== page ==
The Beast of Busco is a famous Indiana cryptid that is said to live in the town of Churubusco in Indiana. It is thought to be a giant snapping turtle that the locals affectionately call “Oscar”.
|Cryptid Name:||Beast of Busco|
|Location:||Fulk Lake, Churubusco, Indiana, United States|
|Description:||Legendary giant snapping turtle.|
|Size:||Described as enormous, some accounts compare it to a car.|
|Behavior/Characteristics:||Mysterious, elusive, and rarely seen.|
|Diet:||Believed to be carnivorous, possibly feeding on fish and aquatic creatures.|
|Habitat/Environment:||Fulk Lake, a small freshwater lake in a rural area.|
|Evidence:||Limited to eyewitness accounts and anecdotal evidence.|
|Sightings and Encounters:||A few eyewitness sightings starting in 1898.|
|Skepticism/Explanations:||Some believe it was a misidentified or exaggerated common snapping turtle; others suggest it was a hoax or optical illusion.|
What Does The Beast Of Busco Look Like?
Eyewitnesses say that The Beast of Busco looks like an enormous snapping turtle that is bigger than a car or rowboat and is believed to weigh about 450 pounds / 204 kilograms.
It has powerful jaws and an armored shell that is dark in color. It is believed to have scaly and rough skin and just like a typical snapping turtle, it is assumed to have webbed feet and the ability to spend most of its time underwater.
Beast Of Busco Sightings
The first reported sighting of the Beast of Busco was in 1898 when a farmer by the name of Oscar Fulk claimed to have seen it in a lake on his farm.
Fifty years later in 1948, it was seen once again by two locals named Ora Blue and Charley Wilson who were out fishing on the lake that was owned by a farmer by the name of Gale Harris. Harris also claimed to have seen the creature and as reports about the sightings spread, Oscar, the Beast of Busco, began to attract a lot of attention!
Many attempts were made to catch Oscar but none were successful and to this day there is no concrete evidence that he exists.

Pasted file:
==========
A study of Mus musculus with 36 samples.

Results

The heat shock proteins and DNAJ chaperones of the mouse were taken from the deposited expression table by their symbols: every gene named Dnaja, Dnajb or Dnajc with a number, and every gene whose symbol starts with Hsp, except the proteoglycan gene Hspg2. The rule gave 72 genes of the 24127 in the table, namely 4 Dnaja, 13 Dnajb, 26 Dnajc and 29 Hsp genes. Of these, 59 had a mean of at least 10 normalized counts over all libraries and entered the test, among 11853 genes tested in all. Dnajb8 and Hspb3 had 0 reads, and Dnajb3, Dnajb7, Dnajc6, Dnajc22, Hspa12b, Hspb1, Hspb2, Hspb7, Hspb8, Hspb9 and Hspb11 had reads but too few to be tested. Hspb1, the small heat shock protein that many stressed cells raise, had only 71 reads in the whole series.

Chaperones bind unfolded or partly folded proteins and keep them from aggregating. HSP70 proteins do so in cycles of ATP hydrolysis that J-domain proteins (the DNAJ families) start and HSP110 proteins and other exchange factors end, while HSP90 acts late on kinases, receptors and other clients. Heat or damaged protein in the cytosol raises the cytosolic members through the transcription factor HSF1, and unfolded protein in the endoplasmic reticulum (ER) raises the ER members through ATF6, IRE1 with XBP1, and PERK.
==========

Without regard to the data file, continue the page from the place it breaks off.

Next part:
The Hunt For Oscar – Beast Of Busco Documentary
Oscar attracted so much attention that a 2-hour long award-winning documentary was made by Terry Doran that features the events of the 1949 hunt for Oscar.
If you have time then this documentary is great to watch as it contains lots of original footage and commentary. It is broken down into four 30-minute sections which you can watch below (you can click the button with the two little arrows at the bottom right-hand side of the player if you would like to watch full screen).
The Hunt For Oscar – Part 1
The Hunt For Oscar – Part 2
The Hunt For Oscar – Part 3
The Hunt For Oscar Part 4
Possible Explanations For The Beast Of Busco
Although there hasn’t been any evidence found that Oscar exists and, there haven’t been any sightings for a long time, his story is still fascinating!
I looked into several turtles that could possibly have been seen that would explain the eyewitness reports. These include the Alligator Snapping Turtle native to the southeastern United States; the Common Snapping Turtle found in North America and the Arrau Turtle that is native to the Amazon River Basin. However, none of these turtles are bigger than about 30 inches / 80 centimeters which falls far short of the reported size of the Beast of Busco, which is said to be car-sized or even bigger.
There is however one extinct freshwater turtle species that could explain the sightings – Stupendemys Geographicus.
The Stupendemys geographicus was a massive freshwater turtle that lived approximately 10 million years ago in the rivers and lakes of prehistoric South America. It is known to be one of the biggest turtles to have ever lived with its upper shell reaching sizes of about 13 feet (4 meters)!
Turtle Days Festival
The Turtle Days Festival is an annual festival that is held in Churubusco, Indiana that celebrates the legend of the Beast of Busco. It is a fun family event that celebrates Churubusco’s unique history and is a great opportunity to learn more about the Beast of Busco legend.
There is a parade, live entertainment, food and craft vendors as well as turtle-themed activities that residents and visitors can enjoy.
It is typically held in late spring or early summer and usually runs over a couple of days.